The Atlantic

What If Voters Don't Care About Infidelity at All?

The shrugs that have met credible recent allegations of affairs by Donald Trump force a reconsideration of the post-Bill Clinton narrative about voter morality and politicians’ sense of shame.
Source: Reuters

Right up until 2016 or so, there was a clean narrative about political infidelity. Back in the day, the story went, politicians had affairs with abandon—John Kennedy, of course, but also Franklin Roosevelt, Dwight Eisenhower, Lyndon Johnson, and plenty others. (It’s a curiosity that Richard Nixon, the most famously unethical president, is one of the few without serious allegations of infidelity.)

The voters would have been appalled, of course, but the press discreetly ignored these infidelities, for whatever reasons—prudishness, excessive closeness to sources, whatever. When Jimmy Carter copped to having “committed adultery in my heart many times,” it was laughable, but not that that far beyond the puritanical mores of American society. Perhaps the press was wise to look away from mistresses to the presidents.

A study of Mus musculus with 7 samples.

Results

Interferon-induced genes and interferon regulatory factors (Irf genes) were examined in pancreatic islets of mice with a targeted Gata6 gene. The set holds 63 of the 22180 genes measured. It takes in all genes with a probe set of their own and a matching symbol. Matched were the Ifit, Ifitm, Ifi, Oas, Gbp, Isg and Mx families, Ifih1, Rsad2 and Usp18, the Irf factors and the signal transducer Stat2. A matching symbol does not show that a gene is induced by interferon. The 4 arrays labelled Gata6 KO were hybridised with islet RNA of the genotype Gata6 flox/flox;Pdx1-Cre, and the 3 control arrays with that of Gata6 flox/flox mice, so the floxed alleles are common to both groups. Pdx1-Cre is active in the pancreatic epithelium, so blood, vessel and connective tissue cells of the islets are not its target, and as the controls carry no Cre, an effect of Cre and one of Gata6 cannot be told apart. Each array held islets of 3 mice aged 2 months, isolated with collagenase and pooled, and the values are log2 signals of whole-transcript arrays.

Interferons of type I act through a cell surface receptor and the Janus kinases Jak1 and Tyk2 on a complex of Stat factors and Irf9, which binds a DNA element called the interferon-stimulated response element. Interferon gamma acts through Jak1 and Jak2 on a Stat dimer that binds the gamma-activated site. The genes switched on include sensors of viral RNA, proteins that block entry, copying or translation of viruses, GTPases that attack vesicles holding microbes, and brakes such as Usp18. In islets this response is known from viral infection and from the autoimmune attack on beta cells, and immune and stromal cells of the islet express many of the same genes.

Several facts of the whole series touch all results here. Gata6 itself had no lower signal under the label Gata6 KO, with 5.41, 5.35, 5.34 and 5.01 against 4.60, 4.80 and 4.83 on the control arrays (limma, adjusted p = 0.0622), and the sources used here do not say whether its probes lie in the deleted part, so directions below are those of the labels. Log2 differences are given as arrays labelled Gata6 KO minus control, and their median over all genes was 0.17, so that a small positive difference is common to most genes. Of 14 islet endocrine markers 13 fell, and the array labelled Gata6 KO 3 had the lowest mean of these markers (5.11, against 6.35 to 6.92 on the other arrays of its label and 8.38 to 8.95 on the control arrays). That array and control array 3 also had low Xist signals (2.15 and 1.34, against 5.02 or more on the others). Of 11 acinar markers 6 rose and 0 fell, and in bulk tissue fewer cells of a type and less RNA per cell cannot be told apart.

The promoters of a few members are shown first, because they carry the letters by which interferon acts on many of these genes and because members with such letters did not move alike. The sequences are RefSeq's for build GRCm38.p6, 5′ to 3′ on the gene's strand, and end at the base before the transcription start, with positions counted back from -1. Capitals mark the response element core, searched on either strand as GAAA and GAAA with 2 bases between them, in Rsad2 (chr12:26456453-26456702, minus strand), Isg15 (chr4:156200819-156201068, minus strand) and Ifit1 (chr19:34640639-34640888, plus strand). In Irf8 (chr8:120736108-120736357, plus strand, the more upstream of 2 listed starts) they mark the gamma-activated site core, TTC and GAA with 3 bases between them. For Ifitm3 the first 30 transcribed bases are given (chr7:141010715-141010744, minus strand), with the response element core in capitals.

Then something went off the rails, perhaps around the time of stories of infidelity that chased Gary Hart from the 1988 presidential election. The climax came with Bill Clinton’s impeachment amid his, who ultimately got the gavel.) Suddenly the press was eagerly searching out and finding affairs in many politicians’ pasts. The see-no-evil attitude of the Camelot years had evaporated, leaving in its place a regime that was puritanical, or at the very least meant that morality overshadowed all else, pundits complained, and chased perfectly good politicians out of the public sphere, merely because they chased a skirt or six.

You're reading a preview, sign up to read more.

More from The Atlantic

The Atlantic6 min readPsychology
Dear Therapist: My Husband and I Don't Have Sex Anymore
The Atlantic6 min read
In Defense of Big Little Lies’ Second Season
The Atlantic6 min readPolitics
The Dirty Secret of Mueller’s Testimony? Voters Might Not Care.
Rather than expecting fireworks from the former special counsel’s appearance before Congress, many seem wary of getting their hopes up.